How Long Does it Take You to Quit Smoking For Good?
If you’re considering giving up smoking, one of the first questions that you’ll ask yourself is “How long does it take?”. You might find it encouraging to know that no matter how long you’ve been smoking, whether it’s for years, months or days, your body will still find a way to gradually repair itself from the effects of tobacco. Continue reading to know more about why smoking is so addictive, as well as having a quit smoking timeline in Birmingham.
Nicotine is an ingredient found in tobacco products, like cigarettes and cigars. It’s categorised as a drug that can interfere with a person’s brain function. Nicotine is so addictive because of the effect that it has on the brain, which involves the imbalance of Dopamine and Noradrenaline, the two chemicals in your brain. When nicotine interferes with levels of these chemicals, your concentration and mood levels are also interrupted in a manner that encourages feelings of pleasure, as well as minimising levels of stress and anxiety.
Nicotine Withdrawal (Quit Smoking Timeline in Birmingham)
The number of nicotine receptors in your brain increases when you smoke. These receptors will still require a supply of nicotine, even after you quit smoking, and will have to make an adjustment.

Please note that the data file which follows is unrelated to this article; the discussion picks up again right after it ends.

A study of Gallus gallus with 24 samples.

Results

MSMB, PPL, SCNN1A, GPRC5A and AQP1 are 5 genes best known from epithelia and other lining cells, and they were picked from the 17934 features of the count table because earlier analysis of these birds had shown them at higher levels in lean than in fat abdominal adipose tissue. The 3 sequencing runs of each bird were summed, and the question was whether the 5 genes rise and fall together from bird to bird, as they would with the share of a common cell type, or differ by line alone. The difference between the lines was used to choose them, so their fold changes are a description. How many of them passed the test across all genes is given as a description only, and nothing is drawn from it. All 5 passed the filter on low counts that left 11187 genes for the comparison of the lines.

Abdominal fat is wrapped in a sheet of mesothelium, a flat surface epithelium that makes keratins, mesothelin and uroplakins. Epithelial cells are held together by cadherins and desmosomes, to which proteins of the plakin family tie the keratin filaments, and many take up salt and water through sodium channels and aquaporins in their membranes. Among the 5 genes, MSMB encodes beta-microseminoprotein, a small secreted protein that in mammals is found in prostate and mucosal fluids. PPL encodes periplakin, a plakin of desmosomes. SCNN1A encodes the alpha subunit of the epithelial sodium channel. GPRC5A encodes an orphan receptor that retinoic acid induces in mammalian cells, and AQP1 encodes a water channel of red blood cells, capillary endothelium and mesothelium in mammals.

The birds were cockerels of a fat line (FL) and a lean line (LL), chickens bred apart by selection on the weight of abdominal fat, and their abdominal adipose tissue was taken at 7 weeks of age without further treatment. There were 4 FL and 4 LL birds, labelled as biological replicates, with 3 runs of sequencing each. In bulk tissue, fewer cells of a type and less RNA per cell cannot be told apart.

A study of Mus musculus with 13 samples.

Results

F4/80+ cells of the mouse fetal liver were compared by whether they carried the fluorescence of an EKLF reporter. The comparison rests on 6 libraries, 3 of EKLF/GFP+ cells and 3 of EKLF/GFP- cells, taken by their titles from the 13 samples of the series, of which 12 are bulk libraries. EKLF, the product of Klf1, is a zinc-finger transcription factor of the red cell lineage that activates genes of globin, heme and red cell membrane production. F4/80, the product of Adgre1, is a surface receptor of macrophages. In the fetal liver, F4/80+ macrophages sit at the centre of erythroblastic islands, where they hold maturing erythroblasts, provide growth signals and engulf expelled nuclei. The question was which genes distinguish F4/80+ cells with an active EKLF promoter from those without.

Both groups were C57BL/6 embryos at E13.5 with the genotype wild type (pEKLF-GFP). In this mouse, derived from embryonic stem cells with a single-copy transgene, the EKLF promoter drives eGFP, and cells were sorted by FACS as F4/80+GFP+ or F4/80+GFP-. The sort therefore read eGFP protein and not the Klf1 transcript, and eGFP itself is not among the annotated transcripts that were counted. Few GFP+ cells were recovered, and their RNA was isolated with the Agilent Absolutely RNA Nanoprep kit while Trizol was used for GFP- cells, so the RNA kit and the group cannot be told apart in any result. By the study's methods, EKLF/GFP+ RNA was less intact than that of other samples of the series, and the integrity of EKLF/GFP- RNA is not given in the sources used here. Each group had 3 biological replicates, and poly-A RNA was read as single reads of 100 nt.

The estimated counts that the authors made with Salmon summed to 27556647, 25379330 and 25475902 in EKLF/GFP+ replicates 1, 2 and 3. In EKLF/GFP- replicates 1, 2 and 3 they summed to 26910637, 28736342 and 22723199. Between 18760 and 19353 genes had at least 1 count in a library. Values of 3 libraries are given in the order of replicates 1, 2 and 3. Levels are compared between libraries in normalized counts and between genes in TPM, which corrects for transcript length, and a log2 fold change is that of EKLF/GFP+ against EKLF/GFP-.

The adjustment process is what leads to cravings and withdrawal symptoms. How you deal with the withdrawal symptoms and cravings is a determinant of whether you’ll quit or not. Below are some of the withdrawal symptoms you may experience:
– Cravings (E.g. cigarettes, food)
– Concentration problems
– Irritability and anxiety
Four stages of stopping smoking
The quitting process involves four stages, which are:
1. Contemplating (wanting to quit but still not ready)
At this stage, a smoker is now thinking about quitting in about six months or less.
2. Preparing to quit
A smoker is now ready to quit at this point.
3. Action (quit smoking timeline in Birmingham)
This is the point when a smoker actively attempts to quit smoking. They can seek encouragement from short-term rewards, family, and friends, as well as seek professional help and guidance.
4. Maintenance (continuing to be a non-smoker)
This is the part when a smoker needs to maintain the non-smoker status by being able to handle stress, boredom, and anything else that life throws at them, without smoking. They should now be able to also resist temptations and social pressures to smoke.
Slip-ups can happen once in a while even at this point, but there is always room for improvement.
What is the Quit Smoking Timeline in Birmingham?
From the moment you smoke your last cigarette, it will take about 72 hours for your body to be free of nicotine. You’ll begin experiencing withdrawal symptoms and cravings after approximately 2-3 days, and they may last for up to 1-2 months after quitting. There are a few symptoms that may last longer, such as irritability and low energy levels.
For any smoking cessation program to be a success, it will have to take into consideration the long adjustment period, the time nicotine receptors require to get back to normal. That’s what our stop smoking programme is all about!
Get in touch with us today to start your stop smoking journey.